Your pictures: Budding photographers in Stevenage, Hitchin and Biggleswade ‘get lucky’ to snap biggest supermoon since 1948 despite cloud cover last night
- Credit: Archant
Budding photographers had to take their chances last night as cloud cover disrupted clear shots of a supermoon – the biggest and brightest for 68 years.
But perseverance paid off for some in Stevenage, Hitchin and Biggleswade, while others such as Andrew Males ‘got lucky’.
Andrew, who had his appropriately-named comedy novel 26 Miles to the Moon published thanks to a crowdfunding effort, told the Comet he was only outside for a few minutes when he took a shot of a plane from Luton Airport passing in front of the supermoon.
The picture was taken at 8pm from his garden in Stevenage Old Town.
Ian Harris was similarly lucky with a fantastic shot of a plane ‘intercepting’ the supermoon taken from his own Stevenage garden.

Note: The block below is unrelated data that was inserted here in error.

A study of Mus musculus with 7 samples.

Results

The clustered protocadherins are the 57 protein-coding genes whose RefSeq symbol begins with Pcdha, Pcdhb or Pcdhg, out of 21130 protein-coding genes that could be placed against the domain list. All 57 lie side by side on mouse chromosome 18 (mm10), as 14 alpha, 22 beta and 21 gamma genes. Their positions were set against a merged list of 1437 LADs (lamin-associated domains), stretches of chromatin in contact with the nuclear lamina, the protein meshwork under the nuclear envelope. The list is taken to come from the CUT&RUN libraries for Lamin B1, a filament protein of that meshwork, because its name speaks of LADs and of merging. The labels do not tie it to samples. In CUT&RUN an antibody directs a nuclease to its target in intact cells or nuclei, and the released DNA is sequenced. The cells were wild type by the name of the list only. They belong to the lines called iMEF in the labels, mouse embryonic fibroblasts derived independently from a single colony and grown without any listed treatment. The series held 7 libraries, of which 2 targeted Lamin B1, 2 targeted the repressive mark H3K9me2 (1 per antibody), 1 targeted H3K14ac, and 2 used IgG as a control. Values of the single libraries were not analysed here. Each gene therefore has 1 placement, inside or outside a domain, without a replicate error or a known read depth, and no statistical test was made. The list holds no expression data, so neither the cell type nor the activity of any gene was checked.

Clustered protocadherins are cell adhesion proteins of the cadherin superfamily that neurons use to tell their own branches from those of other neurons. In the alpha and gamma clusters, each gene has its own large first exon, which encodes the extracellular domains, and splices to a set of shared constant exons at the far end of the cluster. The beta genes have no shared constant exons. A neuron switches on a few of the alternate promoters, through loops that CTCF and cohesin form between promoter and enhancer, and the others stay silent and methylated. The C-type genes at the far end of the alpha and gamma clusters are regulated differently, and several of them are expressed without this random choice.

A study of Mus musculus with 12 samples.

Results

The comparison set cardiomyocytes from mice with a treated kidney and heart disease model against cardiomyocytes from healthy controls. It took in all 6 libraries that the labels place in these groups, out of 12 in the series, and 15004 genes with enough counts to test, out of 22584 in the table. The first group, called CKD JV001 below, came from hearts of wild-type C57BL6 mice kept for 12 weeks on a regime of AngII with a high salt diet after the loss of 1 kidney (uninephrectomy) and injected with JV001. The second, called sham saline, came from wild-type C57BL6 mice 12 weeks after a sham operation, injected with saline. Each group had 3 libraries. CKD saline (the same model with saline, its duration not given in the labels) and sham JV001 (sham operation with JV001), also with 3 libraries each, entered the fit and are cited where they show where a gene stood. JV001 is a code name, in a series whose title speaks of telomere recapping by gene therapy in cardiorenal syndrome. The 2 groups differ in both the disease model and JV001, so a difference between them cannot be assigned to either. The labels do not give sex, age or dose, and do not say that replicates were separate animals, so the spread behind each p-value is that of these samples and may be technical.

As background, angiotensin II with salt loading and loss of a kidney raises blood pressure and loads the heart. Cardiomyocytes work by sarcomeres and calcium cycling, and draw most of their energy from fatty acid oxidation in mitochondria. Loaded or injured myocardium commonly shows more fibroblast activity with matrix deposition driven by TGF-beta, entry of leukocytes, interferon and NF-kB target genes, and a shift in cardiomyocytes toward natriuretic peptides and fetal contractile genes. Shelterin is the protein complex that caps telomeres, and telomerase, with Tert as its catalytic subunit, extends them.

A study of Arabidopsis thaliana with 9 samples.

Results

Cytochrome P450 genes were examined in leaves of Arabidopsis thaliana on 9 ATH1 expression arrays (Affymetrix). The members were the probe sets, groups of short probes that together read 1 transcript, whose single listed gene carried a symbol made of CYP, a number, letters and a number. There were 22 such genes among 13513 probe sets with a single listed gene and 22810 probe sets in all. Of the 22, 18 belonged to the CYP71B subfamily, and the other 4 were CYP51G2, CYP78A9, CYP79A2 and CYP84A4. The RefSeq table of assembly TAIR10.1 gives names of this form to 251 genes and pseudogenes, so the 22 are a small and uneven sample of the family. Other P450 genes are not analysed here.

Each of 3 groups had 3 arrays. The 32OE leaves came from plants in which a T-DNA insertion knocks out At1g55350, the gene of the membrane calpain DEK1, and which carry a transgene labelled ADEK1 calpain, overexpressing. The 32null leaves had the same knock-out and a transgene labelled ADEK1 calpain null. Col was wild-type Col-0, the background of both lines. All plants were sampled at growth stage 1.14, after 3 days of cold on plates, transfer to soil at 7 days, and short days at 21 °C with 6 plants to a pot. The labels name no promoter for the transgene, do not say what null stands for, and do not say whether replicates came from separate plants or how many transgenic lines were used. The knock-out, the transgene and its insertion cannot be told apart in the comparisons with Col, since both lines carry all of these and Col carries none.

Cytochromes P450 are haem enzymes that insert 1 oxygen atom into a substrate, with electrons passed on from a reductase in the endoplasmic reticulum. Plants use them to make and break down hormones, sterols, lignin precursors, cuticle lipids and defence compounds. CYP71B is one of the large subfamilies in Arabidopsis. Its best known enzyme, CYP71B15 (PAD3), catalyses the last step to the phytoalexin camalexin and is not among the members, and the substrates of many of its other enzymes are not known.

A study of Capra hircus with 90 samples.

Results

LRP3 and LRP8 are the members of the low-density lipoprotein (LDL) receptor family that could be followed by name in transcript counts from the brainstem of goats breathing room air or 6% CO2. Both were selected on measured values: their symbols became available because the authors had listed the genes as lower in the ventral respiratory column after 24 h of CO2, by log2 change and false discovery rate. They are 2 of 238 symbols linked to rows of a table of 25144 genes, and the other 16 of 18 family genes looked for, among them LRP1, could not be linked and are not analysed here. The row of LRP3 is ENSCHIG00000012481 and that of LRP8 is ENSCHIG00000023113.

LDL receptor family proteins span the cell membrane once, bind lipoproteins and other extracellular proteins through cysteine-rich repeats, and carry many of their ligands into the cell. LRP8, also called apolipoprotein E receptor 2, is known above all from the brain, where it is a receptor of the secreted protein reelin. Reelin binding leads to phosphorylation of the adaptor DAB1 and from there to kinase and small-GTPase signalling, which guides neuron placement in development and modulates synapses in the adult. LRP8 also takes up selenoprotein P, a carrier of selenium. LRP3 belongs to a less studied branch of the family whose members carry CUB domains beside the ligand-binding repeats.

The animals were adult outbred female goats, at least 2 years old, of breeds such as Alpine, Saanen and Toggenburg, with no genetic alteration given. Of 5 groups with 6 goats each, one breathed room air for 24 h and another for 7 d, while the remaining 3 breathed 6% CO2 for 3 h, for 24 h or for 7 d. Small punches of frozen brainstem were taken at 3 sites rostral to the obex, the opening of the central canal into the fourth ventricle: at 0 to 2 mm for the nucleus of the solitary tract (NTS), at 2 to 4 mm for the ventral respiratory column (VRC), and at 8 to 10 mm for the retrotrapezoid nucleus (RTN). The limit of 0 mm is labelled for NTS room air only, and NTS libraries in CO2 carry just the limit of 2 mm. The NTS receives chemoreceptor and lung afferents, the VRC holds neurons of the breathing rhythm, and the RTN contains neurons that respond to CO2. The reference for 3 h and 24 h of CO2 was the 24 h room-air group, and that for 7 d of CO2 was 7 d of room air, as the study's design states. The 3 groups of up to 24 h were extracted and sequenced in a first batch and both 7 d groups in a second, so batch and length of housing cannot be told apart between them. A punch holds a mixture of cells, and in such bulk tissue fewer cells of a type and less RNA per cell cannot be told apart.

Fellow Stevenage residents Dawn Brown and Carol Cooper were also able to get striking shots of the supermoon from Chells and Broadwater areas respectively, while Rob Weavers’ arty effort was taken in Hitchin.
Tim Huckle had to wait for cloud cover to clear from Biggleswade, but his patience paid off.
Not everyone was enamoured with the supermoon, though, with Ryan Milner posting a series of spoof pictures on This is Hitchin with added laughter, a Facebook group which he runs.
It is about 30,000 miles closer to Earth during a perigree, as opposed to an apogee – the term used when it is further away.
If you missed it this time there is due to be another supermoon on Wednesday, December 14, but it won’t be as big as last night’s – the biggest since January 1948.